How mathematics allows us to elegantly describe processes in nature

April 19, 2013

In the International Year of Mathematics of Planet Earth, I couldn’t help to reinforce the idea of how mathematics allows us to elegantly describe processes in nature. In this brief post I gather phenomena as disparate as the growth of crystals, coral or lichens, as well as the formation of branches in lightning.





Laplacian Growth from Nervous System on Vimeo.  (Computer simulation of growth in corals)


In fact, the branching process of all these structures is based on the same general mechanism, called Laplacian growth, or Laplacian instability, which consists on the study of a specific way in which boundaries of certain “objects” move (in harmonic proportion).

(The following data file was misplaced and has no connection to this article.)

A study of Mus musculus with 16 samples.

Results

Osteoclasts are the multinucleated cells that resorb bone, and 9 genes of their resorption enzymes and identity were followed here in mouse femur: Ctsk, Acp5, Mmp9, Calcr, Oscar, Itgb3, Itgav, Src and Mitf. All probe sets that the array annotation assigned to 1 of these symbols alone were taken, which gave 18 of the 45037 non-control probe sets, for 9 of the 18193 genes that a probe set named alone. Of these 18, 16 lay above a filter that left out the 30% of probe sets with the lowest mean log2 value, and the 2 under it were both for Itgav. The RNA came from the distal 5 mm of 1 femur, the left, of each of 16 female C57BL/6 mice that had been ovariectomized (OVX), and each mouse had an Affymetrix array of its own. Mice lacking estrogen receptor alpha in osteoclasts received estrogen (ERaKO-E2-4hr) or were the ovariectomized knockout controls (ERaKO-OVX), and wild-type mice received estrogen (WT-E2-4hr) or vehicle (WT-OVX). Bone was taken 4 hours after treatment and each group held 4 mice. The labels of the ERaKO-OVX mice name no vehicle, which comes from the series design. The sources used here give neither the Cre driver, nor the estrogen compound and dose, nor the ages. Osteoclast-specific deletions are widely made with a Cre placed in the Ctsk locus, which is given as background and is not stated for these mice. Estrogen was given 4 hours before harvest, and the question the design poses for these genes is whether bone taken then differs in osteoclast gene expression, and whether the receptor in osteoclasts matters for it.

A type of Laplacian growth.


This type of growth also characterizes other phenomena such as the two-dimensional flow of a viscous fluid in a narrow gap between two parallel plates.

The team of the Nervous System uses this knowledge in a very interesting aesthetic way to create pieces for some interesting puzzles that you can see here.


These are a few examples of how mathematics is intrinsic to nature … that make us look with new eyes at what surrounds us…


References: [1]  [2] 

Written by Susana Pereira

Susana Simões Pereira, maths teacher and PhD in science teaching and communication. I enjoy games and photography and I'm passionate for science and art, specially when together in the same context. You can follow my updates on Twitter, LinkedIn and Facebook.